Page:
This year’s cultural conversation about the 1 percent and the 99 percent might be politically volatile, but steer the discussion away from income inequality and you’re likely to find widespread appreciation of that tiny statistical sliver of statistics at the top. Pick any group of athletes, for example; the rare talents always solicit plenty of admiration. How about national college rankings for academic excellence? Or a city’s best restaurants?
The point is, great performances are always welcome at the table. Even if we can’t all match the stellar quality levels at the top of any discipline, we can appreciate and even learn or benefit from them. That’s especially true of homebuilding and renovation, where great examples of design and artisanship end up in the magazines and books we scour for ideas and inspiration. Most homeowners are happy to duplicate or adapt ideas from these sources, even if few of us will ever write a check with as many zeroes as it took to produce the results found on those impressive pages.
Even with housing values still battered and bruised, our homes are as central to our lives as they have ever been, and the kitchen is still the heart of most. That role is celebrated in House Beautiful: Kitchens, a compilation from the pages of House Beautiful magazine, by Lisa Cregan.
The kitchens that made the cut for this book are, presumably, the best from among many featured in the namesake magazine, and they come adorned with adjectives such as ultimate, dream and gorgeous. The sizes and styles vary widely, but they all reflect the skills of proven designers at the top of their game, and of the many craftsmen and fabricators who transformed the designers’ ideas into material reality.
Not surprisingly, there is no shortage of custom and/or high-end goods in these kitchens, but not everything reflects spending power. Many features are simply about getting the right balance of colors or textures, improving the room’s layout or function, or making the storage more user-friendly. Any of these objectives could be tackled with similar strategies, even if the finer aesthetics are out of reach of modest budgets. And some luxury touches, even if pricey, are kept to a scale that could be duplicated in many other projects.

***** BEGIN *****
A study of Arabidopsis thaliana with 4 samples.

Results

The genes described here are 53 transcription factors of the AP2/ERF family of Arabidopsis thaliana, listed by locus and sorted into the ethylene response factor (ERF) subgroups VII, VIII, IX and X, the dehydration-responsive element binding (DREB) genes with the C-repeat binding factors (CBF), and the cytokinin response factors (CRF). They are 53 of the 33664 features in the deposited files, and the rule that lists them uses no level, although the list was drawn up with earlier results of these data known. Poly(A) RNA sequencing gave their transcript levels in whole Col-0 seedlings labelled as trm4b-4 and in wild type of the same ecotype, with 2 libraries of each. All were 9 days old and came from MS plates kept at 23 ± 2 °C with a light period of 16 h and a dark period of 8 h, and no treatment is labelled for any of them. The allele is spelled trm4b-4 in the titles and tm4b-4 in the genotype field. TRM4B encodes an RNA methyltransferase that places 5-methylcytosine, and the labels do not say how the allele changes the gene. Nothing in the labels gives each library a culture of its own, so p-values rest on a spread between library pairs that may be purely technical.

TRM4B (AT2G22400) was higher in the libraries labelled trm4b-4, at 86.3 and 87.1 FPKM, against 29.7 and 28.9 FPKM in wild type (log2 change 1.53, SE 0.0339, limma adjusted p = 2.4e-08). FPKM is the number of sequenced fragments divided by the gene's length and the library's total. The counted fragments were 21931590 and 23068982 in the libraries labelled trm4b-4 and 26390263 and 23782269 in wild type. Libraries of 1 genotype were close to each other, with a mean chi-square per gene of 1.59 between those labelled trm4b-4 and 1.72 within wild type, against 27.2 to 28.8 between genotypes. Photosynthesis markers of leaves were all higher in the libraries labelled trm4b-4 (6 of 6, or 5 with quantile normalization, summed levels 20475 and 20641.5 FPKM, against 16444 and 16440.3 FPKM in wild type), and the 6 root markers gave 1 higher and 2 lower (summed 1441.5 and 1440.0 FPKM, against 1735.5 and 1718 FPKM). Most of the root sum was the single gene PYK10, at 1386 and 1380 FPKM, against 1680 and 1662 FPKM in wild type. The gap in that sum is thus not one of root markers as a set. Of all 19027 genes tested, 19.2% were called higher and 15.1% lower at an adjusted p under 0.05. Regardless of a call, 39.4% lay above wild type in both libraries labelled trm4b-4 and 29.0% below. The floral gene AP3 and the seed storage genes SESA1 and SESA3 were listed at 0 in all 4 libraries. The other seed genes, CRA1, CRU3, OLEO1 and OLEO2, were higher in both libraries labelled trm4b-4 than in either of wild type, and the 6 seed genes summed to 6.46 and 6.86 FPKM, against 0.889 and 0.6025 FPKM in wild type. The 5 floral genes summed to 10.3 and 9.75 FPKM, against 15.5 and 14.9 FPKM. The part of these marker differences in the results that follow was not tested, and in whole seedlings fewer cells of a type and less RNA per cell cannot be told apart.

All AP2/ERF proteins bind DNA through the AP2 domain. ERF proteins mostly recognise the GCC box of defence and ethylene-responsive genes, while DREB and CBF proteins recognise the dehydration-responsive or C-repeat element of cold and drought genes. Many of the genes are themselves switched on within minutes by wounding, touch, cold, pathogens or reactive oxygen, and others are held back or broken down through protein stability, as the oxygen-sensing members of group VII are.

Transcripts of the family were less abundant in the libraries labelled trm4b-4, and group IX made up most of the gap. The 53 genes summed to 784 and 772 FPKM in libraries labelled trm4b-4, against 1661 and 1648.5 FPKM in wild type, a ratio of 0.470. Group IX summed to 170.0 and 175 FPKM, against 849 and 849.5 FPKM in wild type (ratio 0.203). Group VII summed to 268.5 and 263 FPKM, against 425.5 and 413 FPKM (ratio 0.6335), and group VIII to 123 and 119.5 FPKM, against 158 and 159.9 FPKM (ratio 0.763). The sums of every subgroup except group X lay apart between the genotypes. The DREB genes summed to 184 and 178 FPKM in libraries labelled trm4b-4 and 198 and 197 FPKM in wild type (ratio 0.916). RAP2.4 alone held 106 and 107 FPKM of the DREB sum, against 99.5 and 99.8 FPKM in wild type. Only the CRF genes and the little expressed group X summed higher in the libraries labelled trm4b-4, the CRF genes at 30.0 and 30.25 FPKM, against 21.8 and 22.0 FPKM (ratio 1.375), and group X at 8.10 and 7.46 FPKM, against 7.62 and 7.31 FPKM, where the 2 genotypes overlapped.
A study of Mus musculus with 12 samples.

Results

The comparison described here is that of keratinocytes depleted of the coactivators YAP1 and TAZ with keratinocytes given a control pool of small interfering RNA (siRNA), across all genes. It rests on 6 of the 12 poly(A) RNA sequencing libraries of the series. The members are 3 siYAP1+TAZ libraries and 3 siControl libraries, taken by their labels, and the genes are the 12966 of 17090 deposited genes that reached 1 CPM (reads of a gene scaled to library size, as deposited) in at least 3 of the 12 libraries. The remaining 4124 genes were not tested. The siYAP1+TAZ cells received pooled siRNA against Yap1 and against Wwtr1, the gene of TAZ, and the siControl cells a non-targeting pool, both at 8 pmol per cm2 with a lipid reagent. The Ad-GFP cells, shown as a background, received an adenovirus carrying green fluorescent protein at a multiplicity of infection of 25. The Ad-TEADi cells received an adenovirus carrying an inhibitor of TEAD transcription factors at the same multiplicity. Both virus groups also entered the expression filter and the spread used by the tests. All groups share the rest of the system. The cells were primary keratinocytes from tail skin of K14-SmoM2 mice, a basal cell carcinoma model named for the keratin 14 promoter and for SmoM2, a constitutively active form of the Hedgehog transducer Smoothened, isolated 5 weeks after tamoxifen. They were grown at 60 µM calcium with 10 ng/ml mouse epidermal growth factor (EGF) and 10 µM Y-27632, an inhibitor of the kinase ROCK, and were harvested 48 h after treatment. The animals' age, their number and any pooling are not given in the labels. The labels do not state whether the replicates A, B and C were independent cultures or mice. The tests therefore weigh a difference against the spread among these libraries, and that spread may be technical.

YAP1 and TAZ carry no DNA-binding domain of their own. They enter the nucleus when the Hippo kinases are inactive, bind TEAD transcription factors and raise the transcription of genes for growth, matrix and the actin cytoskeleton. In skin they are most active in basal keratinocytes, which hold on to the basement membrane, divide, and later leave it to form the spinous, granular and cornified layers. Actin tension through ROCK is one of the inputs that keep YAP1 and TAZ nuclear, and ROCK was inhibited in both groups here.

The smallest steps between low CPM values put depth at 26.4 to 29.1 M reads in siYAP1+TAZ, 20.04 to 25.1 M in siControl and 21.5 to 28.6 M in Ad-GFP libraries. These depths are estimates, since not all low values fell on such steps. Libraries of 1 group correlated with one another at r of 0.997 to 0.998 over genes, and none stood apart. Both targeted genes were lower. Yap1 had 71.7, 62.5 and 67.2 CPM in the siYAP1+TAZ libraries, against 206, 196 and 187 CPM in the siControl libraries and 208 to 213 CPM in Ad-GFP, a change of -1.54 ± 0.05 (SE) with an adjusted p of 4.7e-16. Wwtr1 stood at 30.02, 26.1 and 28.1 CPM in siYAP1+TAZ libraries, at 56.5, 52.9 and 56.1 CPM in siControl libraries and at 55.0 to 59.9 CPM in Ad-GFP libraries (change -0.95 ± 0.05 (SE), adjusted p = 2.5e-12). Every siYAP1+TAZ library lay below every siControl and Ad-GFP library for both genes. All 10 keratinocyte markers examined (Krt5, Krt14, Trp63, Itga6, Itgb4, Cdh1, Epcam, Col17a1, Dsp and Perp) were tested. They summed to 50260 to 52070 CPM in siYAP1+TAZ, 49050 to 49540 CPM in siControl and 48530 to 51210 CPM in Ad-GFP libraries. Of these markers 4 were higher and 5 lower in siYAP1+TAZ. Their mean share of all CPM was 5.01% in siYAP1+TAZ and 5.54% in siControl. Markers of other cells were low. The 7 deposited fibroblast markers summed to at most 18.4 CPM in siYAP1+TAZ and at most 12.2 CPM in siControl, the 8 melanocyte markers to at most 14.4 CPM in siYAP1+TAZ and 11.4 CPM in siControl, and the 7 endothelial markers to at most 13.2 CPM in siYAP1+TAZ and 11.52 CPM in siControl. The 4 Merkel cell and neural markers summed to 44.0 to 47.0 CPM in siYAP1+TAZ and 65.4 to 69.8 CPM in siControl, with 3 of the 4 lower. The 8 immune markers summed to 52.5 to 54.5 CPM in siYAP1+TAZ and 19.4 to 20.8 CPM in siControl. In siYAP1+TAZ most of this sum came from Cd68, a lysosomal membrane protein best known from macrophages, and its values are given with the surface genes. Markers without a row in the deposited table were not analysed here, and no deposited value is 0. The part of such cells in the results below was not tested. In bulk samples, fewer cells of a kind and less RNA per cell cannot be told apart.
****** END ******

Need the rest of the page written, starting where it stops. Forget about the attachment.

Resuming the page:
The book’s subtitle, Creating a Beautiful Kitchen of Your Own, is a clear indication that the contents are not intended as mere eye candy or as out-of-reach riches to be coveted. The format follows suit accordingly. For example, the profile of each kitchen is followed by a section called “Stalking the Look,” which provides specific information about the products and materials featured as well as the design strategies employed in using them. Essentially, they translate the styles into manageable parts.
Additional planning savvy is provided via other sections in the book. “Breakout Sessions” provide the basics of kitchen layout and function, discuss how to handle color issues, and offer guidance on trends such as the inclusion of multifunction islands in many kitchen floor plans. There’s even a litany of Do-and-Don’t advice from many of the designers whose work is featured. Many of these recommendations reflect hard-won wisdom for which someone else paid dearly, and they can help reduce regrets and mistakes in other kitchen projects.
Other sections called “Object Lessons” focus specifically on product and material categories, and include everything from cooling and cooking appliances to flooring, lighting fixtures, sinks and faucets, countertops and backsplashes, and storage options.
The book’s overriding character derives from an array of unique and very personalized designs. This is good for inspiration, but can be frustrating and intimidating for DIY remodelers and others with limited renovation budgets. Also, it tends to make the results more exotic than some homeowners might want for themselves.
If there’s any caveat to this compilation, it’s that bling-struck readers will need to keep their own preferences and priorities in mind, which might be hard to do amid so many remarkable and pricey kitchens. Many professional designers like to pursue new territory with each project. This is understandable; there’s no fun in running a “been there, done that” design business. But rarefied goods and high-end solutions are by definition not for everyone, so the virtue here lies in the creative strategies rather than the dollar amounts evident. Seeing so much planning and design excellence in one volume can’t help but contribute to a new kitchen you’ll love, and that is priceless in any currency.